GOP hopefuls in the 11th district differ on Obamacare


      Four Republicans are seeking their party's nomination in the March 18 primary to challenge Democratic incumbent Bill Foster for the 11th Congressional District seat. The GOP candidates are, from upper left, Chris Balkema, Ian Bayne, Bert Miller and Darlene Senger.

  • Video: 11th District candidates

 
 

The four Republicans in the March 18 primary race to take on Democratic U.S. Rep. Bill Foster appear to dislike the Affordable Care Act as much as they want Foster out of office.

But the candidates differ on what they believe should happen to President Barack Obama's signature health care law.

"Obamacare is definitely the biggest issue right now in government," said state Rep. Darlene Senger of Naperville, who decided not to seek re-election at the state level to make a bid for the 11th Congressional District seat. "We're finding every day that something is being changed about it."

Two of Senger's opponents in the GOP primary -- Ian Bayne of Aurora and Chris Balkema of Channahon -- insist the Affordable Care Act should be repealed.

Balkema, who is a Grundy County Board member, says the numerous revisions and delays of certain parts of the law aren't improvements.

"President Obama is not making the bill better," Balkema said. "He's delaying it. Obama is delaying it for political reasons to get past the midterm elections. So would I repeal Obamacare? Absolutely."

Still, Hinsdale businessman Bert Miller, the fourth GOP candidate in the primary race, said he doesn't think a repeal of the law is going to happen. Therefore, he wants to fix it.

"What I envision is going to work on Obamacare," said Miller, owner of Naperville's Phoenix Closures.

Miller said both sides of the aisle agree the country needs "some kind of support" for those who can't afford health care. He also says that people with pre-existing conditions should be able to get health insurance.

"We didn't need this massive bill to handle health care in America," said Miller, adding he would seek to reduce the size and scope of the law.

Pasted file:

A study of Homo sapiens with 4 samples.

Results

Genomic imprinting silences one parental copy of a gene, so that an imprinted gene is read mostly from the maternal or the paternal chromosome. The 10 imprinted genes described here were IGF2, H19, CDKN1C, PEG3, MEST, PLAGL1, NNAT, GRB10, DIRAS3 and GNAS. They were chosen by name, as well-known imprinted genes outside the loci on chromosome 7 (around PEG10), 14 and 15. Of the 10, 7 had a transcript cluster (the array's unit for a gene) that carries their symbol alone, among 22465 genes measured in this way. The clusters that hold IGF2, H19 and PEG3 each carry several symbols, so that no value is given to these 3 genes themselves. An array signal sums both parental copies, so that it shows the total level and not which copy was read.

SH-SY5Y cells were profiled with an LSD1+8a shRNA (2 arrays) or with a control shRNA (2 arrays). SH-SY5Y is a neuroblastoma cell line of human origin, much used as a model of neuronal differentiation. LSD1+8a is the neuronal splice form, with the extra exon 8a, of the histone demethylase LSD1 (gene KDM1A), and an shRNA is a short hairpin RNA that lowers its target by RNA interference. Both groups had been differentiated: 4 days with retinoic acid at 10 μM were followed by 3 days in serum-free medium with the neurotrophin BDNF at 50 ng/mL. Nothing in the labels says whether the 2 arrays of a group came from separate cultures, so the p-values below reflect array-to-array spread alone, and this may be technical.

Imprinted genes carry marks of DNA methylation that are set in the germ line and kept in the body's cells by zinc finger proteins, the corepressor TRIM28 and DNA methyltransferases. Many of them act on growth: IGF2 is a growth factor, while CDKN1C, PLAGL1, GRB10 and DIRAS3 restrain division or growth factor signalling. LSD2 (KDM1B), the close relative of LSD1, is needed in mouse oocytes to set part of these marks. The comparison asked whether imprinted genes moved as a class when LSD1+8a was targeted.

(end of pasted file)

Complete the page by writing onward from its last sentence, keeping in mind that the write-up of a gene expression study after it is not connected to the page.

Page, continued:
Miller said he supports eliminating the employer mandate to give businesses more flexibility.

He also said insurance companies should be allowed to sell their product across state lines.

"We need more competition," he said.

Senger said she wishes the Affordable Care Act could be repealed. But she said there are families who couldn't afford insurance who now qualify for Medicaid programs that were expanded because of the law.

"What do you do with them?" Senger said. "So this is more than just a 'get rid of the whole thing,' because you do have individuals who are in the system."

Senger says a safety net is necessary and "pre-existing conditions need to be taken care of."

But she said the Affordable Care Act failed to reduce the cost of health care. Instead, it simply shifted who's going to pay for it.

She said reforming the nation's health care system can't be achieved through "costly mandates."

"We need to get back to the free market," said Senger, adding she supports the idea of allowing customers to buy health insurance across state lines.

"If one had the ability to actually shop for themselves in a more knowledgeable manner," she said, "that would actually help drive the cost of health care down."

Still, Bayne said he believes "very strongly" that the Affordable Care Act should be repealed. He said no part of it is worth keeping because the entire law is "fundamentally flawed."

"The basis of it is rooted in government control and government mandates," said Bayne, who is a private investigator.

To improve the health care system, he said, the government needs to "get out of the way of the free market."

Balkema said there is "very little" he likes in the health care law.

"The fact that you can stay on your parents' (insurance) plan until 26 and then at 27 pay a penalty for not buying it on your own," Balkema said, "to me, it doesn't make sense."

In fact, Balkema said he doesn't believe enough young people will sign up for a health plan to make the system sustainable. "We're heading for an Obamacare bailout," he said.

Balkema said the Affordable Care Act should be scrapped and replaced with something that provides "some sort of safety net" for those who need it.

"But you can do that without bankrupting the whole nation," Balkema said.

The winner of the GOP primary will advance to the November election to challenge Foster.

A fifth Republican candidate, Craig Robbins of Lisle, said he is going to drop out of the race.

The 11th Congressional District includes Naperville, Aurora, Woodridge, Lisle, Darien, Bolingbrook, North Aurora, Plainfield and Joliet.